Waves have height and length. The wavelength (14) is the distance between one crest (5) and another, in this case, a peaking wave (4).Between crests is a trough (1). The wave height (6)is the distance between the crest and the trough. If wave action ceased, the water would settle at the "still water level" (8). Wave action extends to the wave base (7). Wave distortion is caused by frictional drag on the bottom. If waves pass over a sand bar (10), a spilling breaker (9) may form. Sometimes, waves in shallow water move the whole body of the water forward in translation waves (2) toward the shore (1).
Fig 1. In the development of a breaking wave, B shows backwash (12). C shows the advance of the next wave which peaks (4) in D and then becomes a plunging breaker (3) in E. F and show swash (13) rushing up the beach after the wave has broken. Backwash the begins the cycle again.
Fig 2. The tallest recorded wave in open sea was 34 m (112 ft) high. An officer on the USS Ramapo's bridge (1) in the Pacific in 1933 saw the crest of a wave (4) in line with the horizon (3) and the crow's nest (2), enabling him to work out the wave height (5).
Waves and tides are the most familiar features of oceans and seas. Some wave motion occurs at great depth along the boundary of two opposing currents. But most waves are caused by the wind blowing over an open stretch of water. This area where the wind blows is known as the "fetch". Waves there are confused and irregular and are referred to as a "sea". As they propagate beyond the fetch they combine into more orderly waves forming a swell which travels for large distances beyond the fetch. Waves are movements of oscillation –- that is, the shape of the wave moves across the water, but the water particles rotate in a circular orbit with hardly any lateral movement. As a result, if there is no wind or current, a corked bottle bobs up and down in the waves, but is more or less stationary.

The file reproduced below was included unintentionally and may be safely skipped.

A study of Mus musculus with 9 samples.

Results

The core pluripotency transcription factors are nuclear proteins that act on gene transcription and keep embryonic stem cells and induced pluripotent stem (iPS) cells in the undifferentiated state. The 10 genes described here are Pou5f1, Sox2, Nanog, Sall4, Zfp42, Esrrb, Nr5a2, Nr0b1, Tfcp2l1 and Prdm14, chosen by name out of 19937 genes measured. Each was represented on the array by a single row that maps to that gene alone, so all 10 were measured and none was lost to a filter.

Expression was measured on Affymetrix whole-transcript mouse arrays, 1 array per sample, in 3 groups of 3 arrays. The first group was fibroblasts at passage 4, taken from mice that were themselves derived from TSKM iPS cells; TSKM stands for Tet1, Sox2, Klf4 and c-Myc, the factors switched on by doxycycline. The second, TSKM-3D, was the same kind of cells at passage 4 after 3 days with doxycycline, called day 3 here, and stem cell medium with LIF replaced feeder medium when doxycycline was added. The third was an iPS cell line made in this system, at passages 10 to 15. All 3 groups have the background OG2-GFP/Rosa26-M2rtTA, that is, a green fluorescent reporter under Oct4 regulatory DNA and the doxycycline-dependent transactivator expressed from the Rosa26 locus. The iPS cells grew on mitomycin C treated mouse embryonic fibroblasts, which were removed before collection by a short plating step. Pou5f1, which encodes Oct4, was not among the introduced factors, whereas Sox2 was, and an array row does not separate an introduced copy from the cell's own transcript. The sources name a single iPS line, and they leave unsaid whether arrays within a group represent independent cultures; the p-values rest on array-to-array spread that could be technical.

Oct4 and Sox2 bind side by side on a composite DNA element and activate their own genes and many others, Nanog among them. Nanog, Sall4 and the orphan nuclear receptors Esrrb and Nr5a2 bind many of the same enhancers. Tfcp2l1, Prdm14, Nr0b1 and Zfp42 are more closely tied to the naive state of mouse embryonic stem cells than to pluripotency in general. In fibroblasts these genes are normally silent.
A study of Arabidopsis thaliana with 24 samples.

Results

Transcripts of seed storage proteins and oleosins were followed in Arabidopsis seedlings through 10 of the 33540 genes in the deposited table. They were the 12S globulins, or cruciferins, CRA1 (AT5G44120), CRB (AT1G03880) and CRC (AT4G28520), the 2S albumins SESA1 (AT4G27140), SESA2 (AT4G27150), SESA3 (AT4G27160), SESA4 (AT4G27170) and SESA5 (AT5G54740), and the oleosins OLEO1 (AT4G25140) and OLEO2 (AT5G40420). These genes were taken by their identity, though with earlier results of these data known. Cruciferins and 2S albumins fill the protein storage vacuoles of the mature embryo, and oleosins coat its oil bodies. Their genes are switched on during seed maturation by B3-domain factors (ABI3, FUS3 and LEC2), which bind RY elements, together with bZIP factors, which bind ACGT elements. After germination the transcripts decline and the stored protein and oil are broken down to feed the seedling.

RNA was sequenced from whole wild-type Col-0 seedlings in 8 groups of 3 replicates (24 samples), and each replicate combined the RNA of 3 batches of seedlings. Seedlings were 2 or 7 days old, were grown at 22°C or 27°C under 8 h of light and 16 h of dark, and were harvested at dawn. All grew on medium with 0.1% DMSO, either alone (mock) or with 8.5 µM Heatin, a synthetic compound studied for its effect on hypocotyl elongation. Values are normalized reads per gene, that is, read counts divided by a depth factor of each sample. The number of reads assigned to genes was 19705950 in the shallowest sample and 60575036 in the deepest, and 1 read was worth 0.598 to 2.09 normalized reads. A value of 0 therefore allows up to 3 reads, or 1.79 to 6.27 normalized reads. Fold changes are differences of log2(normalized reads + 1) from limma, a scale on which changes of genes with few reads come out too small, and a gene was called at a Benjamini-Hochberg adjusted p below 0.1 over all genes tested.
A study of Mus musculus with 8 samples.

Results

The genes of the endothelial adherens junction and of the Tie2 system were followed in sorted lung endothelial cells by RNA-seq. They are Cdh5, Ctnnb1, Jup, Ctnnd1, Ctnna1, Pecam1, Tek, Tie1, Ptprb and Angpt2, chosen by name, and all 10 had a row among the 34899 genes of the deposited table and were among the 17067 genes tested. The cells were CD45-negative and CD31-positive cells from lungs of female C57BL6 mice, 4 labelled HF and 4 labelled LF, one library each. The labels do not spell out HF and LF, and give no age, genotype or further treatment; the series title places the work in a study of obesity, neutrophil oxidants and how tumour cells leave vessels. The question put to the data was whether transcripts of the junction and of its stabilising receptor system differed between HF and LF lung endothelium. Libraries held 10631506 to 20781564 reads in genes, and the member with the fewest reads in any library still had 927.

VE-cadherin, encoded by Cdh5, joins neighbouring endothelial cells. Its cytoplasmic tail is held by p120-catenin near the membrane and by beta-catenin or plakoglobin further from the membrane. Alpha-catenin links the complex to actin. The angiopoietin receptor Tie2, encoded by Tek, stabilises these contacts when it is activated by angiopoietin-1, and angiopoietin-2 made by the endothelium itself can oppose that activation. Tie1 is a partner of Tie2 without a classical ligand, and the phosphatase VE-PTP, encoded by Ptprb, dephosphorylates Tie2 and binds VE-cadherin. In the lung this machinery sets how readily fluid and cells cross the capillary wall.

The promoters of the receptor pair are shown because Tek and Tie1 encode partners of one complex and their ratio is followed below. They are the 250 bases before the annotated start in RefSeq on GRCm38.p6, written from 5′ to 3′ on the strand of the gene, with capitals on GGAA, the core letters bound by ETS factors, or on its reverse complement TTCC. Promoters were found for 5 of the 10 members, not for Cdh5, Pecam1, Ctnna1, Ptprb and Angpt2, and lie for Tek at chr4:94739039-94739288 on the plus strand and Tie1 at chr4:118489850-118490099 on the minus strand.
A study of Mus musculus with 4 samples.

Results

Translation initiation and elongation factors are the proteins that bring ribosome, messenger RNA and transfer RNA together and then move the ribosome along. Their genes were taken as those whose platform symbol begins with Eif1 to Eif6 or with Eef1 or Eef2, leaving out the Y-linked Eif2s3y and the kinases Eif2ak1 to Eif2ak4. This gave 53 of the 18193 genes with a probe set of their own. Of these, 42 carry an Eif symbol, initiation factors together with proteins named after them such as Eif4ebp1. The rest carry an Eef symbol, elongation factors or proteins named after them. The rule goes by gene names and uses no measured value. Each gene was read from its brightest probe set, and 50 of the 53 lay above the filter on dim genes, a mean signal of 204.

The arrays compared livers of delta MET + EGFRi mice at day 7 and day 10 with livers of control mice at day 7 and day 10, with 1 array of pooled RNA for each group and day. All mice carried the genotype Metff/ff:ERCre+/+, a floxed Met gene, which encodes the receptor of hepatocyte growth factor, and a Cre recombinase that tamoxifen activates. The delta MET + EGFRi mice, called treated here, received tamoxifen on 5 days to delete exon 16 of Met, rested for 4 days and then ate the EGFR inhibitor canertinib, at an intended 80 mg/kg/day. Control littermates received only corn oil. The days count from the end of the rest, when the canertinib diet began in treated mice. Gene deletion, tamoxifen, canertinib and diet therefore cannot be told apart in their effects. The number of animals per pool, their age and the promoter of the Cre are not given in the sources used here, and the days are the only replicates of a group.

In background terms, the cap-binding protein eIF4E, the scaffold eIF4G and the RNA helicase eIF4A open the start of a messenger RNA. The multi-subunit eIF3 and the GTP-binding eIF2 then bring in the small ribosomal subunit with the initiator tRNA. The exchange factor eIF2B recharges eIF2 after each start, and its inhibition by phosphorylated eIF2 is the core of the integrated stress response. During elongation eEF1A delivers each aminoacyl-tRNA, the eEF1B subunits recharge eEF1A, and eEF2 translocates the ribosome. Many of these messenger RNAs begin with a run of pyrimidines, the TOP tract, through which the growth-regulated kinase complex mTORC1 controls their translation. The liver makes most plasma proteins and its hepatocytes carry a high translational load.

Waves have two basic dimensions. Wave height is the vertical distance between the crest and the trough. Wavelength is the distance between two crests. At sea, waves seldom exceed 12 m (39 ft) in height, although 34 m (112 ft) high was observed in the Pacific in 1933 (Fig 2). Such a wave requires a long fetch measuring thousands of miles and high-speed winds. Wave motion continues for some way beneath the surface, but the rotating orbits diminish and become negligible at a depth of about half the wavelength; this is known as the wave base.
Waves that break along a seashore may have been generated by storms in mid-ocean or by local winds. As waves approach shallow water, which is defined as a depth of half a wavelength, their character changes. As a wave "feels" the bottom, it gradually slows down and the crests tend to crowd together. When the wave in front of a wave is insufficient to fill the wave form, the rotating orbit, and hence the wave, breaks. There are two main kinds of breakers. Spilling breakers occur on gently sloping beaches, when the crests spill over to form a mass of surface. Plunging breakers occur on steeper slopes (Fig 1).
Tsunamis are sometimes called tidal waves but they have no connection with tides. Tsunamis are caused mainly by earthquakes, but also by submarine landslides and volcanic eruptions. At sea, the height of the wave is seldom more than 60–90 cm (2–3 ft). But the wavelength may be hundreds of miles long and tsunamis travel at hundreds of kilometers per hour because of their long wavelength. For example, an earthquake in the Aleutian Trench in the far north of the Pacific in 1946 triggered a tsunami which devastated Honolulu. The tsunami took 4 hours and 34 minutes to reach Honolulu, a distance of more than 3,220 km (2,000 miles) – a speed of about 700 km/h (438 mph). Waves more than 15 m (50 ft) high struck Honolulu.